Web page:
Israel's Deputy Minister of Foreign Affairs Danny Ayalon has launched a video titled "The Truth About the West Bank." In the partially animated educational video, Ayalon relays historical facts relating to the Israeli Palestinian conflict, including explanations on where the terms "West Bank", "occupied territories" and "67 Borders" derived from and how he says they are incorrectly applied.
Ayalon asserts that Judea and Samaria were taken from the occupying Jordanians during a defensive war, hence the "settlements" are legal. In an Israel National News report from mid-July, Ayalon explained his vision for the video:
"The idea behind the creation of the video is distributed in an innovative way and explains the Israeli position in fighting unilateral recognition of a Palestinian state," Ayalon said.
"Israel's argument based on facts get lost in the headlines and pictures. The challenge is to adjust the message to the medium and nature of the online world," he added.
The viral video that was originally released in Hebrew, then translated into English, has reportedly received 100,000 views worldwide, including in Arab countries and has even been featured on Al Jazeera.
Watch Israel's increasingly popular video below:
[youtube http://www.youtube.com/v/XGYxLWUKwWo?version=3&hl=en_US expand=1]
Needless to say the Palestinians' are not best pleased. Their condemnation came via a recent Palestinian Authority official press release claiming the video was a "cynical and falsified account of history and international law."
According to Israel National News, chief Palestinian negotiator Dr. Saeb Erekat has even demanded Ayalon issue an official explanation of the video. Ayalon, however, takes Erakat's strong reaction as a sign the video is fast becoming a thorn in the Palestinian Authority's side.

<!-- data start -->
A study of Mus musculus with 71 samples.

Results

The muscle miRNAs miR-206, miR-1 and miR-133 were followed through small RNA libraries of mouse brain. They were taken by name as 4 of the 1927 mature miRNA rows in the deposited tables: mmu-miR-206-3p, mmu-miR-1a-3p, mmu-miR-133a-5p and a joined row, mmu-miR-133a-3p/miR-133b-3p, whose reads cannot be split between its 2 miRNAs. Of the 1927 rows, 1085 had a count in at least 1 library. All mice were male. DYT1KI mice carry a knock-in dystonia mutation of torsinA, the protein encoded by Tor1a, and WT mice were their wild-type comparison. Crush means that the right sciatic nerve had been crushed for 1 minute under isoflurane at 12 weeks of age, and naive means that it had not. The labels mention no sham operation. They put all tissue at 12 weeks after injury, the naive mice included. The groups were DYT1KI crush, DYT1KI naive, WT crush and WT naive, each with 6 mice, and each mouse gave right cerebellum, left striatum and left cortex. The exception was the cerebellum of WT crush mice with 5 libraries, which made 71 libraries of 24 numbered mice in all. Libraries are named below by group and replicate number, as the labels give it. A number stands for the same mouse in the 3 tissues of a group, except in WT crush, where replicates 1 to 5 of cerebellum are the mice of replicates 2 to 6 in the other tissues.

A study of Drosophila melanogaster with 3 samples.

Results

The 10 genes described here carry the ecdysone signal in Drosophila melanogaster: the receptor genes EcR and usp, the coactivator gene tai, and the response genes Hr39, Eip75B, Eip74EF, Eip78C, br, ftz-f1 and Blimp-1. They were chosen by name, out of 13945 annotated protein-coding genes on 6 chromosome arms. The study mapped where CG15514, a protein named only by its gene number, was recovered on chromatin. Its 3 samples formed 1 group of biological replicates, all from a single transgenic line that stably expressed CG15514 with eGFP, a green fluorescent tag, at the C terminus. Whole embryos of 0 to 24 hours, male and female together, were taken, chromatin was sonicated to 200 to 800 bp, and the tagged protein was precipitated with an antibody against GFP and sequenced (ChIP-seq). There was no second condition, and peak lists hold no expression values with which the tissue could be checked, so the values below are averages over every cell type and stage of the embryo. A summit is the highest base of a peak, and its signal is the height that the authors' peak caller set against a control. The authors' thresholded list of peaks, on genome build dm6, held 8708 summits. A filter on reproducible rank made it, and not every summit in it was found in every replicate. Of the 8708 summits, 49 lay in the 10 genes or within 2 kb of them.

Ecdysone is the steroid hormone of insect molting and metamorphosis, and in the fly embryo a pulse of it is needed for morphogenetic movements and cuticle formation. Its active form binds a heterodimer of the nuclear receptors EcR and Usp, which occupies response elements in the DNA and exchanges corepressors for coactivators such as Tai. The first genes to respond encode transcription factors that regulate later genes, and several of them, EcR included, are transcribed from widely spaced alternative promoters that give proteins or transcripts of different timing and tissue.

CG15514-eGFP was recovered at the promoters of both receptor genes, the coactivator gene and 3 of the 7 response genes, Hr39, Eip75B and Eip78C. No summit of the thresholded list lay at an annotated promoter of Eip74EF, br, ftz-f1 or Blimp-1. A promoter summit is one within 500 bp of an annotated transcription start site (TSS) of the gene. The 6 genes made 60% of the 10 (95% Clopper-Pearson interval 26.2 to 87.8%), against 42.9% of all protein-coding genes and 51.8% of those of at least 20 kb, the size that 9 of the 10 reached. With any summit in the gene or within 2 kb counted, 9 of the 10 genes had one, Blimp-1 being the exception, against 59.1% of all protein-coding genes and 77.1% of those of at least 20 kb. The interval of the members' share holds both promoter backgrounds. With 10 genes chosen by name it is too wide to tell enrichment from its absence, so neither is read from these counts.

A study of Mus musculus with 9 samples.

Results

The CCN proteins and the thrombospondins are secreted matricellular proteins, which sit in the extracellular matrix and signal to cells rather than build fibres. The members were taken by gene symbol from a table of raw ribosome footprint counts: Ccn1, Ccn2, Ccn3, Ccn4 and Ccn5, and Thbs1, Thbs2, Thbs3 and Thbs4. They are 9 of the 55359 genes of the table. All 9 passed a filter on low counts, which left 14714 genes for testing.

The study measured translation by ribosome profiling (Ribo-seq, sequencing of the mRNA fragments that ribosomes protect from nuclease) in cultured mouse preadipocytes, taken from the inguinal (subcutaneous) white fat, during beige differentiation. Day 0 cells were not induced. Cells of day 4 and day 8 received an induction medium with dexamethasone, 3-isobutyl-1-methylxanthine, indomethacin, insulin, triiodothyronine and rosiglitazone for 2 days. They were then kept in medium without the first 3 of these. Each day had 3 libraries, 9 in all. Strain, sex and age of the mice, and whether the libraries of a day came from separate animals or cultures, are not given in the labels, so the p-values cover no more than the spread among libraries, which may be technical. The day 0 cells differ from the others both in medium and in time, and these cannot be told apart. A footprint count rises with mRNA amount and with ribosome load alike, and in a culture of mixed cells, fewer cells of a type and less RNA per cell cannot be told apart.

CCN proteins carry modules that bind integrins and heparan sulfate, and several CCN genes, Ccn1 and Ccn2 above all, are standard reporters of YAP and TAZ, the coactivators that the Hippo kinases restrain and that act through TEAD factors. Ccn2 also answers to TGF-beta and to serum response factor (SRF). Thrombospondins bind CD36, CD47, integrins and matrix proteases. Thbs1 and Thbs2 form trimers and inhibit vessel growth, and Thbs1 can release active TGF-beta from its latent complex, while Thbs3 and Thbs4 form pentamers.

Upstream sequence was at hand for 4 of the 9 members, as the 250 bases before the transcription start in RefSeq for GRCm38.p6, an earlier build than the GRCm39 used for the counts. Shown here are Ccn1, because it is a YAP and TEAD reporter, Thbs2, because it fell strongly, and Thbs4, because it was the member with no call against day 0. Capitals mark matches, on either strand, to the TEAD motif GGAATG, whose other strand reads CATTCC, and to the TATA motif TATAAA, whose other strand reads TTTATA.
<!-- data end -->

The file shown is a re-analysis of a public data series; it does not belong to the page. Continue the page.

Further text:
Ayalon reportedly believes the Palestinians feel threatened now that their narrative has been challenged for the first time in "too long." Reacting to the Palestinians' upset over the video, Ayalon said:
"For too long the Palestinian narrative of international law and rights has gone unchallenged and this over the top reaction to a public diplomacy video proves that they are acting like spoiled children who have had their way for too long," Ayalon said. "They are unable to challenge a single fact in the video and have completely avoided a legitimate and honest discussion on the issues."
In the PA press release, Erekat alleges that Israel was accepted to the United Nations on the basis of UN General Assembly Resolution 181. Arguing that statement's validity, Ayalon blasted:
"This false claims shows that Erekat misconstrues international law and its system proving exactly how misguided the Palestinian attempt to have their unilaterally declared state recognized at the United Nations really is. Israel was admitted as a full United Nations member in 1949 by United Nations General Assembly Resolution 273, after a recommendation by the Security Council, because it met all the criteria of statehood, something the Palestinians should bear in mind before they further their confrontational and damaging plan towards September.
Ayalon said he "challenges" any of the Palestinian Authority's political leadership to a debate "on all the issues ahead of September." September, of course is when the Palestinians plan to unilaterally seek UN recognition for statehood.
Based on the video's positive reaction, Ayalon and his team are also reportedly planning to translate the video into more languages including Farsi. Ayalon said he now realizes that "there has been such a thirst for the truth," and not just among supporters of Israel but also among "the undecided."
Ayalon says the video's success has prompted him to explore developing more diplomatic initiatives in the same area, perhaps using the same medium.
So, what do you think about the video? After watching, do you feel you learned something new about Israel's history that you did not know before? Did you notice any historical facts that have perhaps been distorted in the mainstream media? Tell us what you think.